Welcome to the July 2015 issue of the Technology Innovation Management Review. This month's editorial theme is Creativity in Innovation, and it is my pleasure to introduce our guest editors: Patrick Cohendet and Laurent Simon, who are professors at the HEC Montréal business school in Canada, where they are also Co-Directors of Mosaic, the Creativity & Innovation Hub.
For this issue, our guest editors have brought together authors from Canada, France, New Zealand, the United Kingdom, and the United States to share their practical and theoretical perspectives on creativity and innovation. Their insights are drawn from diverse domains, including entertainment, gastronomy, luxury goods, power generation and distribution, watchmaking, among others.
In the introductory article, the guest editors, Patrick Cohendet and Laurent Simon, describe the ubiquitous challenge that organizations face today in managing creativity to foster innovation. They highlight the need to manage: i) ideation processes to foster creativity, ii) the tension that exists between the logic of creation and production; and iii) disruptive innovation to transform a traditional industry. This introduction illustrates how the contributions in this issue add to the understanding and practical capabilities required to face this management challenge.
Next, Stephen Cummings, Professor of Strategy at Victoria University of Wellington, New Zealand, Chris Bilton, Reader in the Centre for Cultural Policy Studies at the University of Warwick, United Kingdom, and dt ogilvie, Distinguished Professor of Urban Entrepreneurship at Rochester Institute of Technology, United States, argue that organizations should no longer view creativity as a singular concept. They propose an alternative view emerging from the creativity literature, which is based on three ideas: i) creativity is a cluster of different and discrete qualities, or "creativities"; ii) creativity is a dynamic act of combining creativities, or "creativitying"; and iii) creativity in organizations is the product of multiple activities of groups, and should no longer be viewed as an individual act.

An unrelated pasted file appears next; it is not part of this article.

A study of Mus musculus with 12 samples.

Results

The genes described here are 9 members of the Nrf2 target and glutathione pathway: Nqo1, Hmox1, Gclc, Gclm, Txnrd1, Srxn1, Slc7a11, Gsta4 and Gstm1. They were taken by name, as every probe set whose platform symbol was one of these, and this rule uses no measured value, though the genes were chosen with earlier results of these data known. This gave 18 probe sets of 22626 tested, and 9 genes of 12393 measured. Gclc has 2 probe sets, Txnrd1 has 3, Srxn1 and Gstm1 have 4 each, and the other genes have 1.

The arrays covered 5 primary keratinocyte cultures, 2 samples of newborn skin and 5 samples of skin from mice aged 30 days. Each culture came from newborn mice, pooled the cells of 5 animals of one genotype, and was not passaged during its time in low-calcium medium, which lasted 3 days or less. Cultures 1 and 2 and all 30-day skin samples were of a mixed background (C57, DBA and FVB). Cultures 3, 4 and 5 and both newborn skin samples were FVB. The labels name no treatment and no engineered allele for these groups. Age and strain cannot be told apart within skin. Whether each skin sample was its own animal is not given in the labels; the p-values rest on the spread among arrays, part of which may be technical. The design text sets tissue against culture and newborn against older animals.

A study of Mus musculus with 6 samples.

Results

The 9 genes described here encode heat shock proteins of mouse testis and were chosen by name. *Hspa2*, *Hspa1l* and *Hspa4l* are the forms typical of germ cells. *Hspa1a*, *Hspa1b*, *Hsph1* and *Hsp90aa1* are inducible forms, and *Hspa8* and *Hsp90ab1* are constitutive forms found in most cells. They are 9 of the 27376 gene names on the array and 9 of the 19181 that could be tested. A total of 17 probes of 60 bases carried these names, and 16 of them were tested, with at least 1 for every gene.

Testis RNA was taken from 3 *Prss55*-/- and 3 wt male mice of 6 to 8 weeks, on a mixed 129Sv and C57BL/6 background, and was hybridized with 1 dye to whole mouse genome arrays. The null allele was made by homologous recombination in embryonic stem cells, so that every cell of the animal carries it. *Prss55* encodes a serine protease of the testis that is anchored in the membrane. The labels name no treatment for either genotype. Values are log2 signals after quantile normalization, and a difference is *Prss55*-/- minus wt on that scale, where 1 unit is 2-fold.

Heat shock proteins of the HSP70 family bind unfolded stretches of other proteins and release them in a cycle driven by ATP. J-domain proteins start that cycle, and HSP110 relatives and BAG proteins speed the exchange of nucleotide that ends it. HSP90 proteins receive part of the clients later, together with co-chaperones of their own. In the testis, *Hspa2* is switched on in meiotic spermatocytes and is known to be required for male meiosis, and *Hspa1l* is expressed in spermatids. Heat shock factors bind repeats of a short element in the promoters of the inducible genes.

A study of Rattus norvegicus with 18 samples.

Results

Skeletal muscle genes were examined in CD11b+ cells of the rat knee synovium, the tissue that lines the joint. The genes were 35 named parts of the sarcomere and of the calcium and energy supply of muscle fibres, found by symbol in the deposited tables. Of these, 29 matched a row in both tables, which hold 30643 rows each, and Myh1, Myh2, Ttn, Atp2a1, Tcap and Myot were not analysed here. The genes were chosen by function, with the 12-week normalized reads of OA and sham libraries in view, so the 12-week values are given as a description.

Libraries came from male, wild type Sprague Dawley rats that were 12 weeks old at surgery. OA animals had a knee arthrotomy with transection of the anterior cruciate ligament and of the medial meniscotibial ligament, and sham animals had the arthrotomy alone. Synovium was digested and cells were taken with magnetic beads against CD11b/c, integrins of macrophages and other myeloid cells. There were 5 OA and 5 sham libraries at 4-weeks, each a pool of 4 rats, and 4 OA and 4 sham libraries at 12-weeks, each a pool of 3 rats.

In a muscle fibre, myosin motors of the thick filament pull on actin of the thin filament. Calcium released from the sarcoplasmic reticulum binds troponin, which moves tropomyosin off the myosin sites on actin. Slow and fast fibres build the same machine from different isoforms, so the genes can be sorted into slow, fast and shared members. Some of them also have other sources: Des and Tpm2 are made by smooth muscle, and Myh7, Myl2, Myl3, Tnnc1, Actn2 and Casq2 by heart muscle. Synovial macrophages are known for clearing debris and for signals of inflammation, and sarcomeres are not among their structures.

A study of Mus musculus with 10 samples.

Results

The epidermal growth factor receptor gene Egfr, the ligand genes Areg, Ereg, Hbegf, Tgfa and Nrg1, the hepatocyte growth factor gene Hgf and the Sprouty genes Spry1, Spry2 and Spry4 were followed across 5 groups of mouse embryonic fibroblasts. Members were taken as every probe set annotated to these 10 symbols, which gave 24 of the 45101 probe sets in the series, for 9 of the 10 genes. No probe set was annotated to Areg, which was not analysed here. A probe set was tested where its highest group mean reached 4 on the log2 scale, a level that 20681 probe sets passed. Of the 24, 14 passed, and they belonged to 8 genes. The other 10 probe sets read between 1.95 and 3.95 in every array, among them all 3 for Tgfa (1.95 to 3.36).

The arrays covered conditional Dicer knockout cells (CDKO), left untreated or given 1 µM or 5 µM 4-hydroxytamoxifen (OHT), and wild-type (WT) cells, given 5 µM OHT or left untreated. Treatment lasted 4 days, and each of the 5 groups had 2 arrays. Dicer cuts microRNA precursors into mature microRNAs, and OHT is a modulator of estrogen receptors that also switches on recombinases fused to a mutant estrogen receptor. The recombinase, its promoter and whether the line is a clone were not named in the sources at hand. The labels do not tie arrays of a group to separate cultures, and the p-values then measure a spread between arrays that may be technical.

Ignasi Capdevila, Associate Professor at PSB Paris School of Business in France, and guest editors Patrick Cohendet and Laurent Simon, examine creative processes in the case of Ferran Adrià and his team of chefs at the best restaurant in the world: elBulli. The case traces the evolution of the restaurant and the team's approach from humble beginnings through to the development of a creative powerhouse of ideation and innovation. In particular, the article highlights the deliberate coupling and decoupling of creative processes within the restaurant itself and the wider organization, the importance of coding and documentation, and the role of organization ambidexterity in fostering creativity innovation.
Gilles Garel, Professor of Innovation Management at the Conservatoire National des Arts et Métiers (CNAM) in Paris, France, re-examines the case of the innovative Swatch watch with new information and insights to emphasize the important relationship between creativity and knowledge in innovative projects. For managers, the key innovation lessons derived from this case are: i) to draw upon the knowledge held in existing designs from other domains and ii) to recognize and encourage interaction between the creative concept and the related engineering knowledge required to deliver the innovation.
Joanne Roberts and John Armitage professors and Co-Directors of the Winchester Luxury Research Group at Winchester School of Art, University of Southampton, United Kingdom, consider the role of creativity in the production and delivery of luxury. Although luxury goods often have strong associations with creativity and innovation based on the artistry, skill, and technology required to produce them, the handcrafted and timeless nature of many such goods requires the preservation of existing production and delivery methods, thereby limiting the scope for radical creative transformations. Through various examples, the authors highlight the complex interaction between luxury and creativity, which managers need to understand so that they know when and where creativity should be embraced and when it should be resisted to preserve the luxury status of their goods and services.
Raouf Naggar, Head of Strategic Development at Hydro-Québec’s Research Institute (IREQ) in the province of Quebec, Canada, shares his organization's business model approach to the development of a knowledge and idea management system to help turn creative ideas into innovation. By applying the business model canvas, developed by Yves Pigneur and Alexander Osterwalder, to the challenges facing the research institute, the organization was able to develop a compelling value proposition for the clientele and stakeholders of the knowledge and idea management system while also gaining an understanding of the resources and activities required to deliver and finance this value proposition.
Finally, guest editor Laurent Simon, interviews Boris Verkhovsky, Director of Acrobatics and Coaching at Cirque du Soleil, about the role of leadership in the management of creative processes. By linking Verkhovsky's experiences and insights with the literature on creativity, Simon derives lessons from the actual practice of leadership for creative collaboration.
We hope you enjoy this issue of the TIM Review and will share your comments online.
For our August and September issues, we are accepting general submissions of articles on technology entrepreneurship, innovation management, and other topics relevant to launching and growing technology companies and solving practical problems in emerging domains. Please contact us with potential article topics and submissions.